Longtime Tim Hortons executive named commissioner of Canadian Premier League

TORONTO — Longtime Tim Hortons executive David Clanachan has been appointed the first chairman and commissioner of the Canadian Premier League.

The men’s pro soccer league, which has been on the drawing board for some four years and under construction for one, is set to debut in the spring of 2019. Clanachan (pronounced clan-a-han) says the league is currently dealing with 12 to 15 interested cities and expects to launch with eight to 10 teams.

Winnipeg and Hamilton are the only two announced entries to date but the league says news of other franchises will follow in the coming months.

The league’s goal is simple.

“My No. 1 mandate is Canadian players, Canadian coaches, development of Canadian administration,” the 56-year-old Clanachan said in an interview.

“It’s going to take time,” he said of establishing the Canadian league. “But I can see the commitment and the passion of the people that are involved and that what attracts me to it.”

Clanachan says he learned about grassroots and community at Tim Hortons.

He has spent more than 35 years at the company, starting at 14 unloading trucks and mopping floors at a Windsor franchise. He rose to president and COO before shifting to chairman of RBI Canada, the Canadian arm of Tim Hortons parent company, in August 2016.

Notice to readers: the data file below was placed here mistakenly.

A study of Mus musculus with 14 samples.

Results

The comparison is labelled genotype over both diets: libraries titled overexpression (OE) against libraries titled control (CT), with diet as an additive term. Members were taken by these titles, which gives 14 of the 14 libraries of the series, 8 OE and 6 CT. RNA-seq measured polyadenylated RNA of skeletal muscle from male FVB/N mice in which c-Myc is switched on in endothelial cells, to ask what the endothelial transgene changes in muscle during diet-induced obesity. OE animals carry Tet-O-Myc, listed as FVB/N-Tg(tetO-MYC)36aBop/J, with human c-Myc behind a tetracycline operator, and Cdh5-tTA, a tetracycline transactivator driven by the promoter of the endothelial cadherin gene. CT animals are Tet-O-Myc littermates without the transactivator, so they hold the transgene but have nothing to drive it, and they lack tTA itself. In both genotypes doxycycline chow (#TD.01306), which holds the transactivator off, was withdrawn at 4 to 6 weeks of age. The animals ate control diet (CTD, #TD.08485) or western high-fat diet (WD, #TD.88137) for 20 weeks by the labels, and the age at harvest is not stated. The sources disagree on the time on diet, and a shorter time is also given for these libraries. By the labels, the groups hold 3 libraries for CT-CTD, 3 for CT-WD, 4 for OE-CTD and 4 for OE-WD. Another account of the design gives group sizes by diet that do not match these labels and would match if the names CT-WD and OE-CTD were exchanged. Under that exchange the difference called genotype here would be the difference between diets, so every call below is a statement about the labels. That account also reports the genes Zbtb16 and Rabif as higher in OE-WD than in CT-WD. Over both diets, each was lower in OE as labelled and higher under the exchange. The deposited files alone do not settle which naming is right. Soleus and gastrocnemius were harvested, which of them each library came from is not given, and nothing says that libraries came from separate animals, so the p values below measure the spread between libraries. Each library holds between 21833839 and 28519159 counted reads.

It was Clanachan who oversaw the move to “flash freezing” technology that allowed the chain to go from in-store baking to goods being shipped and reheated. He was also involved in the naming deal with Tiger-Cats owner Bob Young for Tim Hortons Field, which will also serve as home to Young’s CPL team.

Clanachan plans to continue working at RBI Canada, albeit in an “advisory” role, while wearing his (paid) CPL hat.

Born just outside Glasgow, Clanachan came to Canada when he was four. A soccer aficionado, he still plays weekly in an oldtimers’ league in his hometown of Burlington, Ont., from April through October.

“I’ve been very much involved in a lot of sports. But soccer’s always been the one that I always go back to,” he said.

He notes there are more Canadian kids (more than 300,000) playing Timbits soccer than involved in its hockey equivalent.

“You can feel the momentum and the passion coast to coast from people when you talk about soccer,” he said.

And he notes in the last three men’s World Cup, the only team to qualify that didn’t have its own pro league was Iceland.

Not one to back away from a challenge, Clanachan and his 17-year-old son climbed Mt. Kilimanjaro last February, joining a group of Newfoundland restaurant owners. The climb raised more than $700,000 for the Tim Hortons Children Foundation, which Clanachan chairs.

“People say ‘How did you train for it? Not enough,” he said with a laugh.

A father of five, he has three girls and two boys ranging in age from 13 to 32. All have played soccer at one point in their lives, as does his young grandson.

For those wondering, Clanachan grew up a Glasgow Rangers fan. And he takes his coffee black.